Google Android Stagefright Exploit Released to the Public

Google Android StageFright Exploit Released to the Public

Much has been said about the StageFright vulnerability but we have yet to see an ultimate solution for the problem. Security patch updates are important but even if monthly releases are not guarantee that an Android device is safe from attacks. We have a bit of good news as the attack code for this has just been made public. This kind of exploitation may not appeal to a lot of people but this will allow not only OEMs and mobile carriers, but also individuals and companies to check on their systems and devices if they could be affected by StageFright or not.

Zimperium Mobile Security Labs (Z-Labs) have been working hard to make Android operating system more safe and secure to use. Zimperium team has publicly released the CVE-2015-1538 StageFright Exploit, demonstrating the process of Remote Code Execution (RCE) by an attacker.

Stagefright (2)

The released exploit is a python code creating an MP4 exploiting the ‘sts’ vulnerability dubbed StageFright. Zimperium said in a written statement that it was making the code available to the general public “so that security team, administrators, and penetration testers alike may test whether or not system remain vulnerable.”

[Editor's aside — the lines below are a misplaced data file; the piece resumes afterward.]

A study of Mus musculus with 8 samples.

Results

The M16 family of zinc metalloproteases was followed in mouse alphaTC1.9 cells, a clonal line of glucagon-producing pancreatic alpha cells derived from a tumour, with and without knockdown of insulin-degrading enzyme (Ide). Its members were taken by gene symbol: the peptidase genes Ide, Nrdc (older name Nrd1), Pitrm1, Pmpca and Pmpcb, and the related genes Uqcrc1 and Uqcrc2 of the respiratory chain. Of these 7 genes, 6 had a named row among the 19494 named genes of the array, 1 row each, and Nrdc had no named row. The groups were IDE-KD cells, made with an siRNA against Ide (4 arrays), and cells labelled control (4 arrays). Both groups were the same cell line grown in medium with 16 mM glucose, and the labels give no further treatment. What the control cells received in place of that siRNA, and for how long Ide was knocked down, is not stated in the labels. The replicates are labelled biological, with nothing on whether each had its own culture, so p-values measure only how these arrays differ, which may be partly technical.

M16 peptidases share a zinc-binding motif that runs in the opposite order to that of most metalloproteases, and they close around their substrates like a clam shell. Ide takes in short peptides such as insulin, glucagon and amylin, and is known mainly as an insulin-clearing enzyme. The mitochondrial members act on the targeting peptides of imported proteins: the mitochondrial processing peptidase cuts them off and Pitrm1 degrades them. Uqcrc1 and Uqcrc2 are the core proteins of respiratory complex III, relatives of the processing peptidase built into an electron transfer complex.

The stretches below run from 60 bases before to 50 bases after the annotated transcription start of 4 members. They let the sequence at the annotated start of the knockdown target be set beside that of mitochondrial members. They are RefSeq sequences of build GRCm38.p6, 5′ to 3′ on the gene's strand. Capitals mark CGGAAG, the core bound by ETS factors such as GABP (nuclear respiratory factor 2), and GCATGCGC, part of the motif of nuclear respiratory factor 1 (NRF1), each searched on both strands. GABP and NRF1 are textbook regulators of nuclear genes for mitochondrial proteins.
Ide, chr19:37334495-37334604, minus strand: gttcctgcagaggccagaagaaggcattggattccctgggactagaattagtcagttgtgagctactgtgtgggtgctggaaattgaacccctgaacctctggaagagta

stagefrightThe company originally reported in July that it had found 10 critical vulnerabilities that could be exploited via an MMS message with a specially crafted media attachments. It was estimated that 95 percent, or 950 million, Android devices were vulnerable. Updates have been issued prior to the code being released.

“Google released new versions of Hangouts and Messenger to block automatic processing of multimedia files arriving via MMS. We’ve tested these updated versions and are happy to confirm they prevent unassisted remote exploitation,” Zimperium said , adding that there are still other vectors present that must be fixed.

There is also an application available, StageFright Detector , which is able to scan devices to detect if there are unpatched libstagefright vulnerabilities. The team is currently working to include the app’s detection capabilities directly into the Android’s Compatibility  Test Suit (CTS) – a quality protection platform which makes sure all future Android-compatible devices must have resolved these issues before shipment.

Drake, meanwhile, presented his research at last month’s Black Hat, check out his presentation below :

 

We’re grateful that Google’s Android team especially is doing its best to address the StageFright bugs by releasing monthly security patches. The like of LG, Motorola, Sony and Samsung have already pledged their part and we’re expecting more brands to follow suit.